Oliver Williamson, a Nobel laureate in economics and UC Berkeley professor, died after a period of failing health May 21 at the age of 87.
Williamson is best known for his Nobel Memorial Prize-winning work in transaction cost economics, which looks at how different organizations, such as joint ventures, firms and government institutions, are organized and how they interact with others from an economic perspective.
According to his son, economist Dean Williamson, this work opened up a new area of research that was not accommodated by orthodox economics.
“He will be recognized as one of the founders of the economics of organization,” Dean Williamson said. “He enables the rest of us to work on a whole host of issues that would have otherwise been ignored. He makes economics take the real world more seriously.”
According to many, Williamson’s research was applicable not only to the field of economics, but also to other fields such as law, political science, sociology and anthropology. John de Figueiredo, an economics professor at the Duke University School of Law, said this range led him to see Williamson not only as an economist, but also as a social scientist.
The impact Williamson had on economics is not limited to his research contributions. Many of his colleagues also believe his impact stems from recruiting, educating and mentoring graduate students who have gone on to further his work.
“It is possible that the impact he has had in his field through his Ph.D. students is as large as the impact he’s had on the field through his research,” said Richard Lyons, campus chief innovation and entrepreneurship officer. “The ripple effects of shaping people that come after you is absolutely enormous.”
Joanne Oxley, vice dean at University of Toronto’s Rotman School of Management and one of Williamson’s former students, remembered Williamson saying that one of his greatest achievements was helping his students apply his findings in different fields.
Williamson’s friends said while he was generous with his time to his graduate students, he also devoted time to his friends and family. John Morgan, the campus Oliver E. and Dolores W. Williamson Chair of the Economics of Organizations, said he golfed once a week with Williamson, or “Olly,” as he was affectionately called. Others described Williamson as a lover of quality wines, tennis, fishing and metal sculpting. Many also spoke of the love he had for his wife, Dolores, as well as for the rest of his family.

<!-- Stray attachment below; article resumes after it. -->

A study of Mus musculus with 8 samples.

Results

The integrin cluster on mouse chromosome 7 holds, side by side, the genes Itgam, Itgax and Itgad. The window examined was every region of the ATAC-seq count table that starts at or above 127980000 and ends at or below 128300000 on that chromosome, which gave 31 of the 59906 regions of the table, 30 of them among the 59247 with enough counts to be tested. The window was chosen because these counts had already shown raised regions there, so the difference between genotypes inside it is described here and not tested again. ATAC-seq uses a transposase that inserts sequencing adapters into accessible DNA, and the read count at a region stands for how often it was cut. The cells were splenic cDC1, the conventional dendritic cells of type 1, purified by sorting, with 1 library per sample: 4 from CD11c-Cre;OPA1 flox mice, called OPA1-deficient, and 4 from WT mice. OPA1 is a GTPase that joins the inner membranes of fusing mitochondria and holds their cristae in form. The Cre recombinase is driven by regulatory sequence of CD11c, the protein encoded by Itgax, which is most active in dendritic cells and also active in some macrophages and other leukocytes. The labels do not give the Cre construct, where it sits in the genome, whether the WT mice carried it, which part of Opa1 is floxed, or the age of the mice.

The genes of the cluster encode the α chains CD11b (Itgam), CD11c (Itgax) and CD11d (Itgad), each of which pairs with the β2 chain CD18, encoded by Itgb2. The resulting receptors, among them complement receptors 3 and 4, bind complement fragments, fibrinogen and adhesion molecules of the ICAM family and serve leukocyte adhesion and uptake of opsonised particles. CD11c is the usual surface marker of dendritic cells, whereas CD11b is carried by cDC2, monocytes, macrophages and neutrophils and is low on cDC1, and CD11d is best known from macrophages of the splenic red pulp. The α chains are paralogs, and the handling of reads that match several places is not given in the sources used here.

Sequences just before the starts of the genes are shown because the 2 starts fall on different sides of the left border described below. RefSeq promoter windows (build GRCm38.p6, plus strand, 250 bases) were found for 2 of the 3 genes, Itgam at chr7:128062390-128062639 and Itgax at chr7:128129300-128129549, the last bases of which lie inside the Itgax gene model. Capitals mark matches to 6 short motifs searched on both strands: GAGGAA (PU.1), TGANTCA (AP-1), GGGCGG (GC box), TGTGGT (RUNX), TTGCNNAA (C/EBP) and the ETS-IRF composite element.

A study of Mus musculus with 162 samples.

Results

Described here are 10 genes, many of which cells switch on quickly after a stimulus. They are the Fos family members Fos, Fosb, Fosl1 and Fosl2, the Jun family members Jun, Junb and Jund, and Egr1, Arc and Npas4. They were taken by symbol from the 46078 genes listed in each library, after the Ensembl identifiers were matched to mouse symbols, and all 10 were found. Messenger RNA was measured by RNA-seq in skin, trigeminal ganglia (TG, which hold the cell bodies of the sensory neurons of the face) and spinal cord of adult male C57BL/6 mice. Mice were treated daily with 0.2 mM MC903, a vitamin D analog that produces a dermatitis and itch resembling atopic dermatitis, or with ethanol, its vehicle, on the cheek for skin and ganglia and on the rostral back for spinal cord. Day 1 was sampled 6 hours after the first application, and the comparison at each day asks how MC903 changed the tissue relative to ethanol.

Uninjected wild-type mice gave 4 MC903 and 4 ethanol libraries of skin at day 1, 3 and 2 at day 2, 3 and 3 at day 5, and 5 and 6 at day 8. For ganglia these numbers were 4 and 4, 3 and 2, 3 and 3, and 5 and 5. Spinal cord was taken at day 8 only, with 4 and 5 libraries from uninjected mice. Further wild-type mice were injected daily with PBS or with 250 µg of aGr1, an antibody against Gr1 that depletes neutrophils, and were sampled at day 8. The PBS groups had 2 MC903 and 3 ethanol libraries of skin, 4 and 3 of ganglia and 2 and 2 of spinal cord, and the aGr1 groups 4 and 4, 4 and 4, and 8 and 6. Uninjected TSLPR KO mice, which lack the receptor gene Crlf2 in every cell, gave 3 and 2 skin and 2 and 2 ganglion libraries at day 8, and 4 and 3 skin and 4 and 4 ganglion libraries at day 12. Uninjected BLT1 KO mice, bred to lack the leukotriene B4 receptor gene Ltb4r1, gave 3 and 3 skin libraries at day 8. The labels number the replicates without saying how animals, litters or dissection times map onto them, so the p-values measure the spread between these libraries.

On the day it was announced that Williamson won the Nobel Memorial Prize, Lyons said there was a plan to toast Williamson in a forum on campus. He recalled walking with Williamson to the forum and how everyone “erupted in cheers” when they came out. Campus economics professor Steven Tadelis and campus global business professor David Teece remember him as a humble man who said he didn’t deserve the award even though it was clear that he did.
“You can’t tell the story of Olly without trying to balance Olly the giant and Olly the person who was so dedicated to the people around him,” Tadelis said. “It was really unique to have such a person. There’s a word in Yiddish, ‘mensch,’ meaning a ‘person of great character,’ and Olly was a mensch.”
Williamson is survived by his five children, Scott, Tamara, Karen, Oliver Jr. and Dean, as well as his five grandchildren.